In a little less than a year, soccer fans around the world will flock to Qatar to attend the 22nd edition of the FIFA World Cup. The tiny gas-rich nation hopes to attract at least a million visitors over the course of the month-long tournament, including a large contingent from the U.S., which expects to qualify its team after missing the 2018 World Cup in Russia.
For those fans, though, the trip won’t come cheap; Qatar’s tournament is shaping up to be the most expensive World Cup of all time. By some estimates, Qatar has spent an estimated $220 billion to build stadiums, lodging and training facilities, even creating a brand new city called Lusail for $45 billion. Despite FIFA’s official ticket prices ranging from $105 to $210 for Group Stage matches (Final tickets run from $455 to $1,100) those who want to experience the first World Cup held in the Middle East are expected to spend huge amount on flights, accommodations and food.
The smallest country ever to host, Qatar will also be the first to consolidate all eight venues into a 35-mile radius around its capital, Doha. The concentration of activity will allow visitors to hop from one stadium to another, even making it possible to attend up to four games in one day. Organizers are promoting it as the “most convenient” World Cup, though it will also be the priciest for attendees.
After the U.S. men’s victory over Mexico in qualifiers last month, fans began to firm up their travel plans. Brian Hexsel, chapter chairman and travel manager for the American Outlaws, the fan organization that supports the USMNT, said the process of organizing the group’s trip to Qatar has been challenging and expensive. “I feel like it’s like a transactional experience,” Hexsel said in an interview. “We got a couple of quotes just for the Group Stage, and the price is spinning upwards of $12,000 to $20,000 per person because hotels are costly.” By comparison, the Outlaws spent only $7,000 per person (including flights) to spend three weeks in Brazil in 2014, he said. Hexsel even looked into booking a cruise ship from Carnival to accommodate his group, but those efforts were shut down once he saw the exorbitant docking fees charged by the Qatari Supreme Committee.
Complaints over the cost to attend pale in comparison to the other criticisms this World Cup has drawn, however. Since former FIFA president Sepp Blatter announced Qatar as host, in 2010, the tournament has been surrounded by climate- and location-related controversies, including the rising death toll of migrant workers and human rights abuses during the construction of stadiums. Committed to offering an unforgettable event, Qatar promised to be more transparent and tolerant.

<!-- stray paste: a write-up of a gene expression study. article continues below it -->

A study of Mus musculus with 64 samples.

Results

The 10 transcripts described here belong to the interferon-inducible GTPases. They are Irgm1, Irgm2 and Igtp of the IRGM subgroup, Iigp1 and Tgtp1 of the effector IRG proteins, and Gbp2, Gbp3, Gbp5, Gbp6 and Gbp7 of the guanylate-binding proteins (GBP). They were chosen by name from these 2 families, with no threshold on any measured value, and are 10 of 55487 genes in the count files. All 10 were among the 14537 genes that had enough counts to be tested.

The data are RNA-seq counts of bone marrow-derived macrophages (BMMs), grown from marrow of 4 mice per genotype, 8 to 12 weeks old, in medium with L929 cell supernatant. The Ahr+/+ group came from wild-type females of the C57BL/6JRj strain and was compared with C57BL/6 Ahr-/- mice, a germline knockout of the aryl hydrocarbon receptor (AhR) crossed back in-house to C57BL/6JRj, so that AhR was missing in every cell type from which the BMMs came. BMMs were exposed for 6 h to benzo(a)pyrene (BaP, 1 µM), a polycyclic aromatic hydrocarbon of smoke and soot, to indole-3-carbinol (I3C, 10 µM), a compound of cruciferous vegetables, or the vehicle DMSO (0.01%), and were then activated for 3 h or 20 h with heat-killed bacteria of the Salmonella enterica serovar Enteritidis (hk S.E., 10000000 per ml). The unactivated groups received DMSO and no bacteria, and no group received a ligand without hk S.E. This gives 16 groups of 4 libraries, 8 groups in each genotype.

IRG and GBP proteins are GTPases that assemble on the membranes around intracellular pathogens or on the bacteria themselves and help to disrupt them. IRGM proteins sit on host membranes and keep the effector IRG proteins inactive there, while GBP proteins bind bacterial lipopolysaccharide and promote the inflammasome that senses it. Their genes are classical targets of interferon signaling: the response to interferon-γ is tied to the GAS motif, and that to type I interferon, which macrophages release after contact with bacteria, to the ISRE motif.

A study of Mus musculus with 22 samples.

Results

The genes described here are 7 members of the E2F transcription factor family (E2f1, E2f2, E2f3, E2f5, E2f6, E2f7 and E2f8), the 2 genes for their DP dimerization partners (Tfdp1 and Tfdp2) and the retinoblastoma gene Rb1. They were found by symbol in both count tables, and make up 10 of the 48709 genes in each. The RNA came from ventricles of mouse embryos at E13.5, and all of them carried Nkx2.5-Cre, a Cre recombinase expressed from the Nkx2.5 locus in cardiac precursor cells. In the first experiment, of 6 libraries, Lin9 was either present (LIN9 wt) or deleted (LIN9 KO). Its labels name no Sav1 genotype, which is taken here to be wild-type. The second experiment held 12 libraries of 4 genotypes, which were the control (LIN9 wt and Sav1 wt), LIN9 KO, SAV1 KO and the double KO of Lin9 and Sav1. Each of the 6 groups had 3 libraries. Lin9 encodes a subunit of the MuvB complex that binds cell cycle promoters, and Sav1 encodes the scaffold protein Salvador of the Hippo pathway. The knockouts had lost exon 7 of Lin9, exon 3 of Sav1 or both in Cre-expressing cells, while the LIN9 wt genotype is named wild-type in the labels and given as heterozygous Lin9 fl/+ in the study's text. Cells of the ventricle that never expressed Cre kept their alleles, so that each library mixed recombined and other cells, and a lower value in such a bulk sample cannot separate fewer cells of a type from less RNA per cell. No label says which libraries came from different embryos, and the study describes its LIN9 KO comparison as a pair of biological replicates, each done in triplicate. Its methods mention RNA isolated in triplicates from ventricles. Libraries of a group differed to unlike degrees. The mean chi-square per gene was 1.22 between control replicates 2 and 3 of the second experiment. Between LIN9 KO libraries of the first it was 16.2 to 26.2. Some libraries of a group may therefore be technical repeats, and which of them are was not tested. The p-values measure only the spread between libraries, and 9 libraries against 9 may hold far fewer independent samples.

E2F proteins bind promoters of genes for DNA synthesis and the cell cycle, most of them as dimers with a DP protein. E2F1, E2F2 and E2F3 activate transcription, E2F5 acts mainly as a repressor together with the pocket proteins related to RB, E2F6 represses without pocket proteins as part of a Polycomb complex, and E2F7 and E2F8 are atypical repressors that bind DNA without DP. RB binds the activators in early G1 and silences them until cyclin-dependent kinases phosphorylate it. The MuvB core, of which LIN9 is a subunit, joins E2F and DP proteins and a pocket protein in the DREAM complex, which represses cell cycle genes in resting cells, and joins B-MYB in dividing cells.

Despite complaints from fan groups regarding the high prices, ticket sales, especially those for premium hospitality packages, are exceeding expectations, according to people familiar with the matter.
Elevate Ventures and Premier Partnerships, the official sales agents in the U.S., are working on the latest details of the premium packages being offered. According to its website, there are a few ways people can take in the tournament: Fans can follow a specific team, attend the final rounds or attend games in multiple stadiums. Prices vary from $950 for one game to $74,200 for the most exclusive matchday hospitality packages that offer a 10-game bundle. Agencies are also offering ticket-inclusive travel packages that take care of every detail from takeoff to kickoff, featuring exclusive experiences, such as showboat dinners, desert glamping, falconry and even staging a pro-am soccer match in the desert.
Still, some experts think Qatar will be no different from previous hosts in terms of affordability. “The tickets have been astronomically expensive for many years. I don’t know when they were last in a region that you would call reasonable,” said Dr. Stefan Szymanski, the co-author of Soccernomics and a professor of sports management at the University of Michigan. “People who are traveling need to be able to blow several thousand [dollars] on the trip. Suppose you went to Russia in 2018, Brazil in 2014, South Africa in 2010. So Qatar is not unique in being for the rich to attend. The World Cup is always for the global rich.”
Among the nations expected to qualify, U.S. fans are among the wealthiest, and thus most likely to be able to afford traveling to Qatar next year.
A recent study by Statista shows that the majority of the people who attended Russia in 2018 were Americans. “At the last few World Cups, visitors from the United States have been among the largest groups, even though the USA men’s team has virtually no chance of winning and didn’t even qualify for 2018,” Dr. Szymanski said. “Americans may not be big soccer fans, but because they come from the wealthiest country on the planet, they can afford it.”